How to Rock your Number-Driven Presentation

John was reluctant to present monthly results to his leaders. His heavily chart-laden slides either resulted in sleepy audiences, or in lots of questions, most of them off-topic. What to do?

If your presentations are number-heavy, or if you are presenting financial data, you might want to try some of these tips to bring them to life, to clarify and streamline your main points, and to make them more engaging and more memorable.

  1. Use a strong headline to tell the story. Once we read the headline, we know what to look for when we glance at the numbers. For some audience members, just the headline may be all they care to know.

  2.  Use round numbers for impact and recall. Sometimes exact numbers are necessary. Other times a round number does the job just fine. What is easier to remember, 4,827,275 or 5 million?

  3. Show numbers visually when possible. Some speakers make their bar charts represented by an object (bushels of corn, number of rail cars, etc.)  

  4. Use color to guide the eye and for emphasis. Don’t use a ton of colors, but since our brains notice what is different, one item in a different color will stand out. One shaded or highlighted column will draw our eye to that column.

    Bonus: newer versions of PowerPoint will let you zoom out a portion of the slide. See if you can use this new feature to enlarge and isolate what is most important.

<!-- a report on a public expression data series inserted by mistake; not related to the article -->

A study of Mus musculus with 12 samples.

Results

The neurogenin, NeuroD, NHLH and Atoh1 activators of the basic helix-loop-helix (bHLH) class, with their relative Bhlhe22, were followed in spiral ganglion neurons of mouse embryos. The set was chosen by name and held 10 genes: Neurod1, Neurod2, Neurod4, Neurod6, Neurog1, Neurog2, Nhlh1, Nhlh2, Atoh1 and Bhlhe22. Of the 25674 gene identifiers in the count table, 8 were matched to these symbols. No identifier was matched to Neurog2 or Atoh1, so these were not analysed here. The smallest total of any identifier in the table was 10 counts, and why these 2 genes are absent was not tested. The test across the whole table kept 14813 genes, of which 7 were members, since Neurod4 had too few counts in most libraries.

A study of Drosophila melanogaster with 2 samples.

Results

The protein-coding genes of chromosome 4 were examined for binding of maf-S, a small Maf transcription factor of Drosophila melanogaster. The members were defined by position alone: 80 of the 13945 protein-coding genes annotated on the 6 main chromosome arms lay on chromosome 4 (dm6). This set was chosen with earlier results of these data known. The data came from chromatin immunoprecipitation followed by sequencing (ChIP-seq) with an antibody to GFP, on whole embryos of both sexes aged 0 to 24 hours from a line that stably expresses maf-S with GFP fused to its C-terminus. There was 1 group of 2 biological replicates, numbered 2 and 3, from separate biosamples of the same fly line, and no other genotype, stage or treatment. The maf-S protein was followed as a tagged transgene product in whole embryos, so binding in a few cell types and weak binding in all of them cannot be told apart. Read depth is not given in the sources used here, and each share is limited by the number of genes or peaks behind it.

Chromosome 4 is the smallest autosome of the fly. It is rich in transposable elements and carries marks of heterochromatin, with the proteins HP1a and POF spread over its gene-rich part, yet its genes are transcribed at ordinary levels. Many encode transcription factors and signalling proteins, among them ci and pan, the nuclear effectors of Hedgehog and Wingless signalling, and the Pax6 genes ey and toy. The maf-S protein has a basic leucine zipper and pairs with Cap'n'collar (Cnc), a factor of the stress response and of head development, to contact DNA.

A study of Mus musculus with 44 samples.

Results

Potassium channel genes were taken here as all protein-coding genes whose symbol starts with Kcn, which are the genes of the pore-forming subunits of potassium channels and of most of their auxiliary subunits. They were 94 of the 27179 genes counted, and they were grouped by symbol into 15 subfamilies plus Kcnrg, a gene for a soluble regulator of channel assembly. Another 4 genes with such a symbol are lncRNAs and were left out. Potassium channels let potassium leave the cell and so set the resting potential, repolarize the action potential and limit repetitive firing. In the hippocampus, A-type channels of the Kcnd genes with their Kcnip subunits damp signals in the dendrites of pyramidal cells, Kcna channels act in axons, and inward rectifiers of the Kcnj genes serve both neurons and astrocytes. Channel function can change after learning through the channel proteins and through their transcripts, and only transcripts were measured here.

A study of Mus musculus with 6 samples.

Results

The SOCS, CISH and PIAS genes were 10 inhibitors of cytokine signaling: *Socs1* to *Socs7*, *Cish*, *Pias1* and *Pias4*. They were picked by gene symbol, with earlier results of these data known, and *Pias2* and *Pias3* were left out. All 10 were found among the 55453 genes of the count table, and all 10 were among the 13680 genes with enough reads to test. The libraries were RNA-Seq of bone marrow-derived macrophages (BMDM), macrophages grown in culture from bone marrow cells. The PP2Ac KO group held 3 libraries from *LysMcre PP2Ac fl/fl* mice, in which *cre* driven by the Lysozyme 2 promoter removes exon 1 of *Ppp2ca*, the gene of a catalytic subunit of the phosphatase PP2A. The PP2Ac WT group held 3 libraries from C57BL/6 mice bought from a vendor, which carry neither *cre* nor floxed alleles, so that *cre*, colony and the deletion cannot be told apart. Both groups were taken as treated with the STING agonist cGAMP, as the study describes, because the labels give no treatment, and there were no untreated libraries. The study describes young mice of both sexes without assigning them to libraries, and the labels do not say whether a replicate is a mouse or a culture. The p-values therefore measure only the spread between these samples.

5. Avoid using 3D on charts and graphs. 2D objects are easier to understand, 3D adds complexity and can be confusing.

  6. Get rid of clutter, legends, and background grids. The more items on a chart, the more distracting. Keep it simple so the attention goes right where you want it.

  7. Make sure your slide is readable from the back of the room. Seriously. Walk to the back of the room and see for yourself. If it is an eye chart, do something different with that slide.

  8. Make sure graph lines are bold. Sometimes the lines on graphs all look alike, especially when projected on a slide. Take out what you don’t need and bold the rest. 

  9. Each chart should illustrate one or two points. If you are trying to tell a story with numbers, show the audience one slide for one or two points. Then add to it with a build or use more slides for more points.

  10. Use simple charts in place of spreadsheets. Spreadsheets have their place, but it is not on a slide. Blow up one part of the spreadsheet or create a new chart to illustrate those points you wish to make. Leave the spreadsheets as a handout or a take-away if needed.

If you were John, which of these would you try? And which ones could you try next time you have a number-heavy presentation? Best wishes.